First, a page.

Disruptive Innovation of the Web and Mobile Device

Clay Christiansen has talked extensively about the way incumbents fail to recognize disruptive innovation because, at any given time, they view it as a lower quality version of what they are already selling to their already satisfied customers. The incumbents don’t realize that, by lowering price substantially, the challenger is accessing entirely new markets for the “lower quality” product. Russell Beattie is describing the same phenomenon in the mobile space.

there are going to be *billions* of mobile devices on the web very soon now and that’s going to change things fundamentally. The Web 2.0 is going to be dominated by XHTML-MP
[…]
But again, the session is called “Wireless War: What Technologies Will Win?” and I’m sure instead of focusing on the incredible changes that mobile data services are going to bring into the lives of the 2 billion people who will own cellphones around the world in the next few years, it’s going to be about how WiFi and WiMax are actually threat to 3G technologies. No really. No, no really. No really. Ugh.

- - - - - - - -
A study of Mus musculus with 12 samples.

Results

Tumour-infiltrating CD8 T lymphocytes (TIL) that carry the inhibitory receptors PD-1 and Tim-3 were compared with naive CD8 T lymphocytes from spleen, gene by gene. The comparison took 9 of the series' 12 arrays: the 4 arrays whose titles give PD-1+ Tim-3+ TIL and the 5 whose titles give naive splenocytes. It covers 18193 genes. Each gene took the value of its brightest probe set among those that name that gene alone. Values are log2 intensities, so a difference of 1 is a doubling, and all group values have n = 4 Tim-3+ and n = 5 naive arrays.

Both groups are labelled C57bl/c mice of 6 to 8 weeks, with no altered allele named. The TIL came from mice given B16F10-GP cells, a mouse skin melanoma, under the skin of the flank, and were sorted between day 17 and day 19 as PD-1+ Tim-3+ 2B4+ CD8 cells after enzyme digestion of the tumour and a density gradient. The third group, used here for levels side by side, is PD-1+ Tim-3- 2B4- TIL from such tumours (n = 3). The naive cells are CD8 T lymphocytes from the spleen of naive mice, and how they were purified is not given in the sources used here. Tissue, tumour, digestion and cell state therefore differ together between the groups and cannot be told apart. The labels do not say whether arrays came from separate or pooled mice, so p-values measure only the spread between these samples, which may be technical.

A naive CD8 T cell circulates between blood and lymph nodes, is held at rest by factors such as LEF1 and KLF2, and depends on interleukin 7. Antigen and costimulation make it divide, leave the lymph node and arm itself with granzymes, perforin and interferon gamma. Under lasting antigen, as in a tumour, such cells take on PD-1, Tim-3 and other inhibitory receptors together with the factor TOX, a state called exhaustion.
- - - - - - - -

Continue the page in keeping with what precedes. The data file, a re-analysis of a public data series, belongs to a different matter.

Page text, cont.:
Does Silicon Valley have blinders on? Did they get a technology-lobotomy? These entire conferences could be filled with *nothing* but analysis of mobile tech – their impact, their influence, the opportunities and more. What are these organizers doing? Do they not read? Do they not travel outside of the country ever?
[…]
Mobility is about mobile phones. Period. Forget “wireless” – why is that so hard for Americans to understand? Wireless has nothing to do with the real revolution. Mobility is about what happens when a couple billion people around the world are interconnected 24/7 with relatviely cheap, powerful, converged multimedia devices called cellphones. It’s changing the face of society as we know it. Elections have been won because of SMS. Whole societies have customs now around a service that Americans have no idea exists. That’s just *today*. Tomorrow will bring higher speeds, location services, presence, international push-to-talk groups, streaming media, and more. This is incredible.

He is talking about a major blindspot for the valley. Billions of people with SMS and perhaps MMS (photos) 24×7. They don’t have the web. What services can you offer these people?